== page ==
New York nears settlement with local Muslim leaders over spying lawsuit

Muslim-Americans protesting NYPD surveillance. Image: Reuters

Muslim-Americans protesting NYPD surveillance. Image: Reuters

The NYC government has come to initial settlement terms with Muslims, represented by the American Civil Liberties Union, who challenged police surveillance as an unconstitutional and stigmatizing intrusion on their religious rights.

The Associated Press quotes city lawyers in a letter filed Friday saying there's a "settlement in principle" in a lawsuit filed by mosques, a charity and community leaders. The case began in 2013, and said the New York Police Department's post-911 surveillance was abusive to law-abiding Muslims.

Some details of the potential pact remain unresolved, according to the letter, which says the terms can't be disclosed because of a confidentiality order. The city Law Department, the American Civil Liberties Union and the New York Civil Liberties Union declined to comment Monday on the potential settlement.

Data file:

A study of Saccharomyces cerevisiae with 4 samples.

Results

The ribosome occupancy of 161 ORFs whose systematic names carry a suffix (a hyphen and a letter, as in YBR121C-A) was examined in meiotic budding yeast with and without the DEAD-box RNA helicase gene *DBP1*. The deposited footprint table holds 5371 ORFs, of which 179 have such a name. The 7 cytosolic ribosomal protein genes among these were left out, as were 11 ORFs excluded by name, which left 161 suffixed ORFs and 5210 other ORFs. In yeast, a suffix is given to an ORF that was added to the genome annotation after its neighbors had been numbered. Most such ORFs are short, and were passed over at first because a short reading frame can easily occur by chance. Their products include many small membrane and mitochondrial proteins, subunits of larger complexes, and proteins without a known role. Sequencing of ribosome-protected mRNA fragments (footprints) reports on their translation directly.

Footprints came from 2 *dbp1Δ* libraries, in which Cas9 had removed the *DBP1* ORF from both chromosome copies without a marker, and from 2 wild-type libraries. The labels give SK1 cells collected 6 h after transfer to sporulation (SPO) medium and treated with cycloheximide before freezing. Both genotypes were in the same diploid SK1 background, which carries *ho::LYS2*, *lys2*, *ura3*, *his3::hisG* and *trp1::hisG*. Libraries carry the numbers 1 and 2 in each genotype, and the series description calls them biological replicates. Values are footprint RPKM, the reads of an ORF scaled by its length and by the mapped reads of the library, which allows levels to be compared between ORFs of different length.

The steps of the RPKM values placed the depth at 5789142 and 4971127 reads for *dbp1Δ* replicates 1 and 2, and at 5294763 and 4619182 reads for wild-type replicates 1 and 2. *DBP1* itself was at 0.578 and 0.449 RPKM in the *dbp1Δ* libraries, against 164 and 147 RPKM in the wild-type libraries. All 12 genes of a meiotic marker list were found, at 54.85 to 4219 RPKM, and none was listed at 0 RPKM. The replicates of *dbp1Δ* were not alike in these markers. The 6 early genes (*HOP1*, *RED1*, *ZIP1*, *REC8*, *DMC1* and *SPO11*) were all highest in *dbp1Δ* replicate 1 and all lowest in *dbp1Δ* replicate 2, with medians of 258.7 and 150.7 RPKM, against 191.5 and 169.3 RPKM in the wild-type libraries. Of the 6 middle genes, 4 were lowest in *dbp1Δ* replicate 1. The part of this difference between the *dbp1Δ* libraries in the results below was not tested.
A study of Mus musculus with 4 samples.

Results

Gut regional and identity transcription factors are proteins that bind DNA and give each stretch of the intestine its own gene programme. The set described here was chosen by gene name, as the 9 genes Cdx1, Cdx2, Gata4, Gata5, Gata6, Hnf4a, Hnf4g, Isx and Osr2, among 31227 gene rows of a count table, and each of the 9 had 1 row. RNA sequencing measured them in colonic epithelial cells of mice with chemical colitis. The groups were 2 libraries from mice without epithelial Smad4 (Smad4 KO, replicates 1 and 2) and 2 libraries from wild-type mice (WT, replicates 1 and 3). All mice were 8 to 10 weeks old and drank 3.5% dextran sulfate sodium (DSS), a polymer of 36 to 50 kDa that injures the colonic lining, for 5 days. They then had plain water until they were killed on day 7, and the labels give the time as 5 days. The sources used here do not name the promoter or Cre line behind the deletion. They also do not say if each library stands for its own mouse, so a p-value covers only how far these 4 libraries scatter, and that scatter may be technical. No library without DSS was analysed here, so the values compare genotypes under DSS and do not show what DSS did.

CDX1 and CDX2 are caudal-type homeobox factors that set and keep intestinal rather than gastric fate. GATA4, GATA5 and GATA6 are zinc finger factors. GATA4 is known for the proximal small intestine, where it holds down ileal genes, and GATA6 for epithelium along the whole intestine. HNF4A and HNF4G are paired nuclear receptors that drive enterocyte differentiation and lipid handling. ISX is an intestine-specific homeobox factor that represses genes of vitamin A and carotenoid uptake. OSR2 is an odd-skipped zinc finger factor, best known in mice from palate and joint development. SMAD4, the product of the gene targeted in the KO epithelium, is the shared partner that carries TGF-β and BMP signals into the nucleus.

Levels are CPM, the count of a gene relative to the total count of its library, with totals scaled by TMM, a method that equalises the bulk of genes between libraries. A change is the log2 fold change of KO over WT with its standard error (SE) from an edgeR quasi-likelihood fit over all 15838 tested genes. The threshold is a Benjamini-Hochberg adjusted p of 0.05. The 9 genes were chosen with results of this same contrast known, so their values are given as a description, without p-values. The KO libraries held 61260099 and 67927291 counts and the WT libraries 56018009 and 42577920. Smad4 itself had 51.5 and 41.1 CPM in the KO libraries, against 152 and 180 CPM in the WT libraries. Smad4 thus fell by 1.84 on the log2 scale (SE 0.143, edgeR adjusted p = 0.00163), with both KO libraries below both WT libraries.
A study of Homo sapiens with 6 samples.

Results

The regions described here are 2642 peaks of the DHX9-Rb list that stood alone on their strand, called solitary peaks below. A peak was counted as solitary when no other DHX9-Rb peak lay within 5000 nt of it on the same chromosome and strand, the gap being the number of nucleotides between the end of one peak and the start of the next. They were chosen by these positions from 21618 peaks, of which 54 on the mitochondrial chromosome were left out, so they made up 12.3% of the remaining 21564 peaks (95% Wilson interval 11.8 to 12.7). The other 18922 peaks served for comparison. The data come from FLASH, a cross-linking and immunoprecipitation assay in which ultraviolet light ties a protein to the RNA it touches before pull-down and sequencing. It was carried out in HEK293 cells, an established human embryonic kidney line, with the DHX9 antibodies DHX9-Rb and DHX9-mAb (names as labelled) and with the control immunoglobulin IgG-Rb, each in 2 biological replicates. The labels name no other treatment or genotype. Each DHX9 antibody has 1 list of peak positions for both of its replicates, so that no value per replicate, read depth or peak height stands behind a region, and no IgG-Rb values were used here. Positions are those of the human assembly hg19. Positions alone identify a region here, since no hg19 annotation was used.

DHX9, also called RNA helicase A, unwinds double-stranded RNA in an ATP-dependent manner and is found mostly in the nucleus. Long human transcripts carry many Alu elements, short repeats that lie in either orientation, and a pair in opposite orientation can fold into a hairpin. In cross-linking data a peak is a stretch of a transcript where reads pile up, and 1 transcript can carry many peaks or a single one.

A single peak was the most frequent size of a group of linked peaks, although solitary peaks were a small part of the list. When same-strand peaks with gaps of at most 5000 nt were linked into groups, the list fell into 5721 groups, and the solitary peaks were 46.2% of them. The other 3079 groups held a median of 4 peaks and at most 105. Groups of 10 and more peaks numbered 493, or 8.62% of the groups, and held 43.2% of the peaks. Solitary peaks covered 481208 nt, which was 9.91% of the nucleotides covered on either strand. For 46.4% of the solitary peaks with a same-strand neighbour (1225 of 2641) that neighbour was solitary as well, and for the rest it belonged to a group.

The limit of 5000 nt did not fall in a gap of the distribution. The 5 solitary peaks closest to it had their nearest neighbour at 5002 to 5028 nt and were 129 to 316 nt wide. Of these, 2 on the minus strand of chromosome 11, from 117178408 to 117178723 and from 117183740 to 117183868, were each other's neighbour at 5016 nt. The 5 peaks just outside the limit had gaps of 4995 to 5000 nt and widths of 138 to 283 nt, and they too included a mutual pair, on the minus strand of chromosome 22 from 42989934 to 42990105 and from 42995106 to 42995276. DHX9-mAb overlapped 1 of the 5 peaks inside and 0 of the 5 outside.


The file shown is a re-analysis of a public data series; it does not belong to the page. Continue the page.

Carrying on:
The ACLU and the NYCLU are among the plaintiffs' lawyers in the Brooklyn federal case. The lawsuit was among legal actions that followed reports by The Associated Press that revealed how city police infiltrated Muslim student groups, put informants in mosques and otherwise spied on Muslims as part of a broad effort to prevent terrorist attacks.

A similar lawsuit is before a federal appeals court in Philadelphia after a New Jersey federal judge threw it out.

"NYC: Settlement in principle in Muslim surveillance lawsuit" [AP]

The NYDN first reported the court filings.